Dr Luke Notley and his wife, Jacqueline, at the RACGP Queensland awards.
7 October 2022

RACGP’s 2022 Queensland GP Supervisor of the Year, Dr Luke Notley, is a Mackay GP who finds joy in teaching.

Dr Notley has been a GP supervisor with JCU since the University began delivering the Australian General Practice Training Program in 2016, and worked as a part-time medical educator for JCU for about five years.

“Teaching enthusiastic registrars is a joy,” he says. “Ironically when the workforce is stretched, finding the time to teach well is very difficult.

“I believe the key to solving the doctor shortage is to get doctors out of hospitals and into primary care settings such as general practice/Medical Officer Right to Practice (MORPs).

Dr Notley has lived in North Queensland for 19 years, the last 16 in Mackay. He’s originally from Glen Innes, a small New England grazing town where his dad was a wool classer and his mum a teacher.

After graduating from the University of Queensland in 2001, he interned at Princess Alexandra Hospital in Brisbane before stints in Mackay and Mount Isa. He started GP training at Andergrove Medical Centre in Mackay, where his first supervisor was RACGP president-elect and JCU supervisor Dr Nicole Higgins. Paul Hopkins Medical Clinic has been home ever since.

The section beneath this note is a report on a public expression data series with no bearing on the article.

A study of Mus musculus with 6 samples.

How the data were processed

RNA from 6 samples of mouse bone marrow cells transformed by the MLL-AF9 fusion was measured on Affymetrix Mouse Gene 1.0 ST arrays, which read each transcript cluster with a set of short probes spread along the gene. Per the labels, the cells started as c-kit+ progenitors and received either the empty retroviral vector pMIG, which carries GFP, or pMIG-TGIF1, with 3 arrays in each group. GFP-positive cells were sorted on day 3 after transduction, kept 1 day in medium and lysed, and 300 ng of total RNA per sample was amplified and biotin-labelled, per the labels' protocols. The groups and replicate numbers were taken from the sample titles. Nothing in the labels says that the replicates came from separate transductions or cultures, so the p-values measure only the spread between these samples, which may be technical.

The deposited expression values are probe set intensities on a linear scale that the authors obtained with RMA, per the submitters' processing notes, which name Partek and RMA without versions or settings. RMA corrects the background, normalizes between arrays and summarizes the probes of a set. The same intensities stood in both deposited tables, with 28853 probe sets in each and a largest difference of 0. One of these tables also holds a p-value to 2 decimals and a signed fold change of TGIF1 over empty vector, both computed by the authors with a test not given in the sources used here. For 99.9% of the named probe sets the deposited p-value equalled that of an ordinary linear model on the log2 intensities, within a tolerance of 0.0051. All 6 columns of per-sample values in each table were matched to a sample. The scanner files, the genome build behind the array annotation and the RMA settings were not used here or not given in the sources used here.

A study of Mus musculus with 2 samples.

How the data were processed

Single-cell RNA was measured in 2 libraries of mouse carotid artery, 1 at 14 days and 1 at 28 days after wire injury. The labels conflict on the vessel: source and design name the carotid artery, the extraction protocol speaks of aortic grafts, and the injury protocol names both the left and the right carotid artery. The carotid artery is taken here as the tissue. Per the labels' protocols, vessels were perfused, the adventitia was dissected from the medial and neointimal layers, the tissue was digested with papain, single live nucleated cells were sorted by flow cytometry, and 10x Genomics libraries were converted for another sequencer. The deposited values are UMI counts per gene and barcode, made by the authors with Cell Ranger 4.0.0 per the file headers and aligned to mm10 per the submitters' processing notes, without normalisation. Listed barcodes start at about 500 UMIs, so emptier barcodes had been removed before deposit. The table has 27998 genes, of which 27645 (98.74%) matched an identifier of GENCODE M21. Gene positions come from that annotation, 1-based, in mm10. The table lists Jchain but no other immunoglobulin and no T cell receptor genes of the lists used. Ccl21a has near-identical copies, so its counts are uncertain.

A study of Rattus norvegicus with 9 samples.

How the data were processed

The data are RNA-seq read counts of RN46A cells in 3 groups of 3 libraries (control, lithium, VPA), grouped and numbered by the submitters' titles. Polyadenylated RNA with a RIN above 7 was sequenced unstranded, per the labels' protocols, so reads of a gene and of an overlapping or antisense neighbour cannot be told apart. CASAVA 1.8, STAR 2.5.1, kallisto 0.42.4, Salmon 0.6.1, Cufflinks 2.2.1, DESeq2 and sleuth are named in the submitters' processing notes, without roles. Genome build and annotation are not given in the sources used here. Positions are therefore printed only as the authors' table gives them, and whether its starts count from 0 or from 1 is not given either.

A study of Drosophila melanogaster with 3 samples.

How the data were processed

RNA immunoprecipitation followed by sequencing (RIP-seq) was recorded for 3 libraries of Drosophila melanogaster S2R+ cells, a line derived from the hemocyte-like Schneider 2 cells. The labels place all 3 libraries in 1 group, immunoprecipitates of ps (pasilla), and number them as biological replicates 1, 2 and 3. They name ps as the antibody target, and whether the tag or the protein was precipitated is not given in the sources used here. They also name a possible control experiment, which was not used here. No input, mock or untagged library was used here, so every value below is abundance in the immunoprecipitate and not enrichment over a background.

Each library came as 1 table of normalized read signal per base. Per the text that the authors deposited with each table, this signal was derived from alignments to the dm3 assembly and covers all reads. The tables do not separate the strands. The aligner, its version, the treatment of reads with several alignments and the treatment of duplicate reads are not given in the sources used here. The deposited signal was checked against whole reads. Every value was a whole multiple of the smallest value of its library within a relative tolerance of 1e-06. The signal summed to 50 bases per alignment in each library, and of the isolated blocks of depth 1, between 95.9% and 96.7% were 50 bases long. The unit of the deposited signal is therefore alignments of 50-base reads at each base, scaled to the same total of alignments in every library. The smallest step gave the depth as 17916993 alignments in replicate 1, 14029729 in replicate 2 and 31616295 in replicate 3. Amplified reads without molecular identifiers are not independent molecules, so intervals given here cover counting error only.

“I fell into general practice, and I love learning three new things every day,” Dr Notley says.

“I think different personalities can make good GPs. Different patients are attracted to different styles.

"I think the one necessity in a good GP is humility. If a GP is humble, they can accept good ideas from their patients, revisit old diagnoses and learn from colleagues and specialists in a way that is enjoyable rather than difficult."

“I am married to a wonderful, supportive wife and have four children who are great fun (and hard work). My main passion outside of medicine and family is farming. I have a share in cattle farm in the New England in northern NSW with my siblings and cousins and love to get down there a couple of times per year.”

Dr Notley said he was honoured to win the RACGP award, and thanked his colleagues at Paul Hopkins Medical Clinic. “Providing a high-quality registrar environment requires input from many doctors and I am very grateful to the doctors here for their positivity and their excellence,” he says.

RACGP will announce the national award winners from the cohort of state and territory winners at GP22 on Sunday 27 November. 

Find out more about the adventure and lifestyle on offer through GP training.